Lawn mower air filter?

I have a lawnmower that had been running fine. A week or so ago, it started stalling out, just after I'd started running it.
It'd start easy, run for about 20 seconds, then sputter out. It did this regardless of whether I was mowing anything or not. Load didn't seem to have anything to do with it.
I was thinking "gas or oxygen", so I removed the air filter and it ran fine. I then ordered a replacement air filter.
With the replacement air filter in place, I get the same behavior. It starts easily, runs for a bit, then stalls. Without the air filter, it runs fine.
Any ideas?

If rich sound dof engine and exhaust color will tell.

Most carb difficulties come from the main jet being obstructed either partially or completely and/or the needle valve/seat or float preventing the proper level of fuel being maintained in the bowl. Not knowing what motor/carb you have makes it difficult to speculate on why it runs with the filter off and not on. Not knowing if the engine stalls because it is getting too rich of a mixture or too lean makes it even more difficult. If you've never had a carb apart you might just want to take it to someone who has and can clean it, replace the needle and seat and gaskets.

then choke out. It would stay flooded out from start. Something else is going on. Is it an automatic choke? Is it a dry or wet filter?

Fuel tank venting rpoblem? If filter is suspect run it without it to prove. To test the fuel cap, loosen it up so air can pass and run the mower.
Do the basics first. Make sure the fuel tank is clean, and there is no debris in it. Check the spark plug. Might as well replace it, spark plugs are cheap. See if there is a fuel filter in line to the carb, check it to see if it is plugged. Check the plug wire. Look for cracks, and make sure it is clean. Inspect the throttle linkages and make sure they are all clean and moving freely. Check hoses and wiring for obvious problems, cracks, etc.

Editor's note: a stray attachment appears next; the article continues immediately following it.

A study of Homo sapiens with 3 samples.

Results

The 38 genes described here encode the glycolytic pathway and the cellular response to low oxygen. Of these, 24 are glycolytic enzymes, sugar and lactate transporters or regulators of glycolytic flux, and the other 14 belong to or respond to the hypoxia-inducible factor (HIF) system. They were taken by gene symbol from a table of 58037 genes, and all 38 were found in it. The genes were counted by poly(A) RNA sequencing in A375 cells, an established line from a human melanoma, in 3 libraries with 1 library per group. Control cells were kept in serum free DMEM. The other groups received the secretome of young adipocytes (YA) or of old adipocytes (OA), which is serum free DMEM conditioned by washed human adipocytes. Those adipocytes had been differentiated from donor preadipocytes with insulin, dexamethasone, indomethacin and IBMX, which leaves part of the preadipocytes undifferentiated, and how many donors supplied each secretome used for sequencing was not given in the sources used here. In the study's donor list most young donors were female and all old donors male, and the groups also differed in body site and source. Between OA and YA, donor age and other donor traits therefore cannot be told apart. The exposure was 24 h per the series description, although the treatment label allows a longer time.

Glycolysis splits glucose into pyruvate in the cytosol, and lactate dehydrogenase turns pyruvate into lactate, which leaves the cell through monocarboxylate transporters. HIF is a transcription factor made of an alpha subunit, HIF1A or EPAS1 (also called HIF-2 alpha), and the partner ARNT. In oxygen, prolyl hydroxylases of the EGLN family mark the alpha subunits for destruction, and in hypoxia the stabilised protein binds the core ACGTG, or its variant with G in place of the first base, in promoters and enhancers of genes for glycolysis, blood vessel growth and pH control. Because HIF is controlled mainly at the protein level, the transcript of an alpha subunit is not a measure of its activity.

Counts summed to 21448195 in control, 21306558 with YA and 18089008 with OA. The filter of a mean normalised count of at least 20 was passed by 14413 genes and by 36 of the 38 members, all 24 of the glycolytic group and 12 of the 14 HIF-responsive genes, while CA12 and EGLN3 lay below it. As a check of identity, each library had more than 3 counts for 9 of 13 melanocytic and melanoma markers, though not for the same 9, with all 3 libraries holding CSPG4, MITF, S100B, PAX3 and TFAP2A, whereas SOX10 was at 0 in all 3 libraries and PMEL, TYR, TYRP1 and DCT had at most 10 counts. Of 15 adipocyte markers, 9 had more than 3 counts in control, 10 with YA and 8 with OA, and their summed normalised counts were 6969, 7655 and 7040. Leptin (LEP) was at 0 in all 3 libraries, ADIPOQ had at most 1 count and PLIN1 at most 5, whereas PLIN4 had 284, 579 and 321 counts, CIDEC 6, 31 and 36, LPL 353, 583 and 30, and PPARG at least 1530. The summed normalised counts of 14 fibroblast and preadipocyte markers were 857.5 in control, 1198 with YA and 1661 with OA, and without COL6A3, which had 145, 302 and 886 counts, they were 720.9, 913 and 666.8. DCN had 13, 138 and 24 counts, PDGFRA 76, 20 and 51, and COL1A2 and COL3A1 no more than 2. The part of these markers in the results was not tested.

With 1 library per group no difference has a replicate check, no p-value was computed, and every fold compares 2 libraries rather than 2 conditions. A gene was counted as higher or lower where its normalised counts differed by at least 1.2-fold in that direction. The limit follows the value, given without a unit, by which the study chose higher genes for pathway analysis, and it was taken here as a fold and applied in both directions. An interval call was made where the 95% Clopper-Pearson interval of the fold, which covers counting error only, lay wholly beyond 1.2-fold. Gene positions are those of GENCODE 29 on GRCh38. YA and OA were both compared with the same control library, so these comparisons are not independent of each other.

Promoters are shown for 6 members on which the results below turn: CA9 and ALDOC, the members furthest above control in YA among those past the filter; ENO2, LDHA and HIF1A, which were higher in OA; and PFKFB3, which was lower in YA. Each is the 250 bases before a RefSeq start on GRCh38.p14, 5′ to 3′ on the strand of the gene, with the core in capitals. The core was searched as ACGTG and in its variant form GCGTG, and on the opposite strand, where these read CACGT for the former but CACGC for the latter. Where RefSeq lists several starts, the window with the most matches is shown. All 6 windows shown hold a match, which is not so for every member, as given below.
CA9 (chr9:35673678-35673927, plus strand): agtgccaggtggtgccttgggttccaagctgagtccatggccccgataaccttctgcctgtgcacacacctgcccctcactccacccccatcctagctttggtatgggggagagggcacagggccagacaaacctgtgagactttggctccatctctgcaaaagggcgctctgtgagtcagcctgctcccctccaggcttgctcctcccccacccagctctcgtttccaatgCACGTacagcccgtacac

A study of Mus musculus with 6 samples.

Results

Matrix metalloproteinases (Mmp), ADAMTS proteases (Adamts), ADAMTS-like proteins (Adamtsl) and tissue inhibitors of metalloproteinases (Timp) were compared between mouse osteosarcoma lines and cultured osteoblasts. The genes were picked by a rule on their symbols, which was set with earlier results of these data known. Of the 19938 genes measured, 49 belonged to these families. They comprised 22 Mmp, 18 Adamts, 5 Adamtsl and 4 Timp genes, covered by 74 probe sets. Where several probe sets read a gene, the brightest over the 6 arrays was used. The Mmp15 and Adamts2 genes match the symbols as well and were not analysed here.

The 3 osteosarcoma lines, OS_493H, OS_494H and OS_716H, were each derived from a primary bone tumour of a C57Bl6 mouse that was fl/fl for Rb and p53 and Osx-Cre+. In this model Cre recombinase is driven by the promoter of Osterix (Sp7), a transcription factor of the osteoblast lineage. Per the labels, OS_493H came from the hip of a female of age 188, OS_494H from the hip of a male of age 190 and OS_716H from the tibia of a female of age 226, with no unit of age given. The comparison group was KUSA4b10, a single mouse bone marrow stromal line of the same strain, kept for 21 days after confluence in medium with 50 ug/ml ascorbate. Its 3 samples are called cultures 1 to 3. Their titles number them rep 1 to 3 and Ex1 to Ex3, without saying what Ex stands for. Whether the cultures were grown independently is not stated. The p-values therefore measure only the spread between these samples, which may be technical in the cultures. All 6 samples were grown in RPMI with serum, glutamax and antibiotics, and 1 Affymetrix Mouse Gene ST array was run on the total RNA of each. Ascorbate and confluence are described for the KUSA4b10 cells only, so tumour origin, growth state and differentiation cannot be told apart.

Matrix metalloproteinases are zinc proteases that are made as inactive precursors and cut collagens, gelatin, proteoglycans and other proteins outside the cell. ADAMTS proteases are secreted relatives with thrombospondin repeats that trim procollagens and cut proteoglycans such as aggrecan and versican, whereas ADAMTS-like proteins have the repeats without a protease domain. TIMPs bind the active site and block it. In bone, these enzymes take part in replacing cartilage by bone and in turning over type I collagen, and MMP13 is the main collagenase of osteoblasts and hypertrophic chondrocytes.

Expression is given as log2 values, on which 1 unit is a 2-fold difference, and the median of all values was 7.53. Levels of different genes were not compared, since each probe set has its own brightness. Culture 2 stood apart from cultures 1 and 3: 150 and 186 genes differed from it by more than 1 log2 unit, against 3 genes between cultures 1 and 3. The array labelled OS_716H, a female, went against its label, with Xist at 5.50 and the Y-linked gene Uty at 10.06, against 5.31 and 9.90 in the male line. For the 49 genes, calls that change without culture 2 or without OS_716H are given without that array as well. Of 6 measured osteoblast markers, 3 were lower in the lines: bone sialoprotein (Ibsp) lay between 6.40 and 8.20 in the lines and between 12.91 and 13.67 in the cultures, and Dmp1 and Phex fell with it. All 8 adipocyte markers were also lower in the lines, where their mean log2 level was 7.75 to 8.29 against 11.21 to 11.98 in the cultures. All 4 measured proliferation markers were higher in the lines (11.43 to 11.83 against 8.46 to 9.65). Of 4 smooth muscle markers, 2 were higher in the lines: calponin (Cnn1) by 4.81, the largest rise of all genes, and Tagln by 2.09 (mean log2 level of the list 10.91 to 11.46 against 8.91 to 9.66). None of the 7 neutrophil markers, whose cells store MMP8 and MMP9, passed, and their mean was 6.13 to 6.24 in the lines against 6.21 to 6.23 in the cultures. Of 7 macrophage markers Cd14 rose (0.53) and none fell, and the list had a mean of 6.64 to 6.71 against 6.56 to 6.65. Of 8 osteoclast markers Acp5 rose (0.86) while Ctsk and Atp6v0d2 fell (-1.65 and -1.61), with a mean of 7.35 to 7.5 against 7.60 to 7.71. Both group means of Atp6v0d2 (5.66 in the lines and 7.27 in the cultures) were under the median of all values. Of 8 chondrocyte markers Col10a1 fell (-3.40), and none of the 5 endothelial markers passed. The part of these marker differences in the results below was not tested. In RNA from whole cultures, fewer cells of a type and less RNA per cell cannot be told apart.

Does it run good before it dies? If it does, then you can probably eliminate mechanical failure. Make sure there is no grass build up underneath. If you mow wet grass, you can get a lot of grass accumulating there.
If it does not run good before it dies, then most anything could be wrong with it.
If it runs normally before it dies and is easily restarted, then it is probably not getting too rich. An engine that dies because it is too rich is not easily restarted. My first guess would be needle/seat is sticking, float bowl empties, engine stalls. It could be something in the float bowl that blocks the main jet, but does not become lodged in it so that when the engine dies, it falls out until you run it again. Even a leaking gasket could do that. Does it backfire through the carb before it dies? Backfiring through the carb/intake is a sign of a lean mixture.
Good time to take the carb apart and carefully clean it and replace all of the gaskets if you know how to do this. That would be the first thing I do. . If you don't, see your local friendly lawn mower service shop and let them deal with it.
If you know the carb is good and there are not leaks of fuel or air, and nothing else is obviously wrong, time to take it to a shop. Based on your description, my first guess would be a carb problem.